The Black Swan by Nassim Nicholas Taleb
A Black Swan is an unpredictable event that when viewed in hindsight is not at all surprising. It gets its name from, well, a black swan. Way back in history, there was a time when scientists didn't believe swans could be black. There had been rumors of them, but people who "knew about these types of things" had never seen one and therefore didn't believe they existed. Until eventually proof was provided to the right people at which point it became a "duh, well, why not?" There will be "dreamers" who imagine black swans, but they aren't credible until after the black swan has been shown to exist. If they're lucky, they might be considered a visionary, but more often than not, people have forgotten. If they're unlucky, people will demand that they "do it again" like some magic fortune teller.
A number of recent advances in technology have been described as Black Swans and a lot of effort is put into trying to figure out what the next one is because Black Swans are rare and Black Swans are valuable.
I had this book on my list for a long time. I didn't think it would spill any secrets about Black Swans known only to its readers or unveil some magical formula that would turn me into a Black Swan spotter, but I was hoping that I would at least learn a little more about how to think like a visionary, maybe identify Black Swans a little quicker (and discount swans who have fallen in a can of paint) and most importantly, I was looking for a good list of recent Black Swans with some solid analysis on what made them Black Swans and how they came to be.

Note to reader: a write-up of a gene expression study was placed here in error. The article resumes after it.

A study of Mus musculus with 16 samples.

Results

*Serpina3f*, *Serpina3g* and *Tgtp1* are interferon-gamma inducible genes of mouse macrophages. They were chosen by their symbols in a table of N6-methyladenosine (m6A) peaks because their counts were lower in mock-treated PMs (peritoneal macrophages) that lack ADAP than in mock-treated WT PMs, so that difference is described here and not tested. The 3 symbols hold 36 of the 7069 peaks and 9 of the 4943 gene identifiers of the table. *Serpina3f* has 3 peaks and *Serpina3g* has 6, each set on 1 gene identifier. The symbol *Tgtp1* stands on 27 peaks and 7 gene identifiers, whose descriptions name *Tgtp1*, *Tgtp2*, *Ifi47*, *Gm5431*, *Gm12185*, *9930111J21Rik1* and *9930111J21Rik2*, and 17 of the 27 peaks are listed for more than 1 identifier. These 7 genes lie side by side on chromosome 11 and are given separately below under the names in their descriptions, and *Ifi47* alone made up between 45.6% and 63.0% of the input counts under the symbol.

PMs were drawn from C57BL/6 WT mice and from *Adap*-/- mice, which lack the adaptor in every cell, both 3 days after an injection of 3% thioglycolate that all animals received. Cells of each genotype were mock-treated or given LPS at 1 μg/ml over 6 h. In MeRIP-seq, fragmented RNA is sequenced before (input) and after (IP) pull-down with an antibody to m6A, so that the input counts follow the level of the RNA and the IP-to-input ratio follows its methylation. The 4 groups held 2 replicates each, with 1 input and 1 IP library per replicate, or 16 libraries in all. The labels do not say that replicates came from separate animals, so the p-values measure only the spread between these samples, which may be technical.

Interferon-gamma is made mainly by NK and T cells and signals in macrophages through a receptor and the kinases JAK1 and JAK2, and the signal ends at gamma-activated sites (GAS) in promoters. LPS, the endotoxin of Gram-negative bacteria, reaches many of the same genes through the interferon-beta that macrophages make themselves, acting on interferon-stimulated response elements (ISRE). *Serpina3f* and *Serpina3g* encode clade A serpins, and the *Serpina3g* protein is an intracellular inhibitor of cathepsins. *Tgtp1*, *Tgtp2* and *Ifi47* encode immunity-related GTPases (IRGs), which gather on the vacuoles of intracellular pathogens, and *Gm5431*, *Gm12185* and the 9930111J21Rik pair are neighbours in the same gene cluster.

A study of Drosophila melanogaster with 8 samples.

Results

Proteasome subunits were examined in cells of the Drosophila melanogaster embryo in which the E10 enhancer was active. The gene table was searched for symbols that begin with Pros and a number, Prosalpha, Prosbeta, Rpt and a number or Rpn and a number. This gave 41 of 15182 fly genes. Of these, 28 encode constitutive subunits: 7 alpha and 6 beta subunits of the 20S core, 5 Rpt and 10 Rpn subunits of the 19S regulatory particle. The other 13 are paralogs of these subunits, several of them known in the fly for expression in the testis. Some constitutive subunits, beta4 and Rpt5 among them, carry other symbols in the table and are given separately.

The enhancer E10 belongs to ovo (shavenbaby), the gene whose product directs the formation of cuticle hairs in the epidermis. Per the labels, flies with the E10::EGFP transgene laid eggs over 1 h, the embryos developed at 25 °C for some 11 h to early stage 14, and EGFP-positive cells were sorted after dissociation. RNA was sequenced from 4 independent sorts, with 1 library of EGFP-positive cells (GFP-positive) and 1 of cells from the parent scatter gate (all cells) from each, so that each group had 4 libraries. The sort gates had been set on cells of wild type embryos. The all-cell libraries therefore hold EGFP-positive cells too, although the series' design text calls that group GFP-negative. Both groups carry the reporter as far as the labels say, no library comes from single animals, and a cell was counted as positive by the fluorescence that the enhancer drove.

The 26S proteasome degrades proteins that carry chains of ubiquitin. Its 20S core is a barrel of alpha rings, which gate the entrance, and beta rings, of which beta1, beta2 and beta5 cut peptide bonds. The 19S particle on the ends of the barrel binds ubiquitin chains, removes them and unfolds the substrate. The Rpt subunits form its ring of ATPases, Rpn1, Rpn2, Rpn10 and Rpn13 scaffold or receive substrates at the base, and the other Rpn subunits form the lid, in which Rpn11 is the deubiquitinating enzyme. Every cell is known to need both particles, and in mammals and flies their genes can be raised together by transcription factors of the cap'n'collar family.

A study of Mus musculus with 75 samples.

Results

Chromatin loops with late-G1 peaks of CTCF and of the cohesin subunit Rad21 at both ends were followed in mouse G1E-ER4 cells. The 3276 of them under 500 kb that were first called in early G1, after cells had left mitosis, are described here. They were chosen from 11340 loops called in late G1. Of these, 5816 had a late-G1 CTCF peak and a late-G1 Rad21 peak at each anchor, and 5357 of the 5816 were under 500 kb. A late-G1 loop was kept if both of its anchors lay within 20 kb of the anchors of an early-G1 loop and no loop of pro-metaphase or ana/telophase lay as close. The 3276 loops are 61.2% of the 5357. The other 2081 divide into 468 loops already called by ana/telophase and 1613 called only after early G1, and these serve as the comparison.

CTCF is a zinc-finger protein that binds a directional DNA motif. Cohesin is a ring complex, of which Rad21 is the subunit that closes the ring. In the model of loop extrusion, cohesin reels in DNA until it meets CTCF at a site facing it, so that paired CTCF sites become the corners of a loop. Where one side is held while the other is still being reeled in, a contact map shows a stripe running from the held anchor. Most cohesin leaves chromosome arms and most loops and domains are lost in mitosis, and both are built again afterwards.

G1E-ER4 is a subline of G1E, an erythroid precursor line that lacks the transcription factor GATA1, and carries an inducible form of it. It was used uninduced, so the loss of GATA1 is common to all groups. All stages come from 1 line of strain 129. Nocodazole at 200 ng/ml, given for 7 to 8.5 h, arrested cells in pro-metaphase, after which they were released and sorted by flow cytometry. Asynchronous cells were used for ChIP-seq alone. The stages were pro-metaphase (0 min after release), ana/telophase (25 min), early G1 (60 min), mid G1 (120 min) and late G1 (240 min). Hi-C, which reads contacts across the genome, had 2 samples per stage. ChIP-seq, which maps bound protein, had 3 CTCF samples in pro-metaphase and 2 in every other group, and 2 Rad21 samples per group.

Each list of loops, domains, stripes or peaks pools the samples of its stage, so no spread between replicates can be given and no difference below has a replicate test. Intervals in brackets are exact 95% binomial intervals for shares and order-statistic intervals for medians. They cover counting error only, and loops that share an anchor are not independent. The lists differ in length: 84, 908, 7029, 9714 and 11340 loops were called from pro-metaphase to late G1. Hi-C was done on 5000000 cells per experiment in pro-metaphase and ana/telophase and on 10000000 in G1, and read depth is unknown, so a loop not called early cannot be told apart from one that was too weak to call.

I didn't find any of that, at least it hadn't happened before I abandoned the book. The book mostly seemed to be the author smugly talking about his own life. It it was supposed to be bonefides to why the author was equipped to talk about Black Swans, it went on extremely too long and didn't get to what I was looking for by the time I had had enough (and then some). It, or the term, had been mentioned by a number of the smart people I regularly read, so I pushed on well past when I wanted to abandon and when I did finally abandon, I felt a little bit more chagrin than usual - if I couldn't even read the book, I was admitting that I wasn't even tangentially near those circles. Alas.
This book is ranked 3.5 stars on Amazon with some pretty vicious comments by its dissenters, despite it making the New York Times Bestseller list. To read more reviews, head on over to Amazon (affiliate link).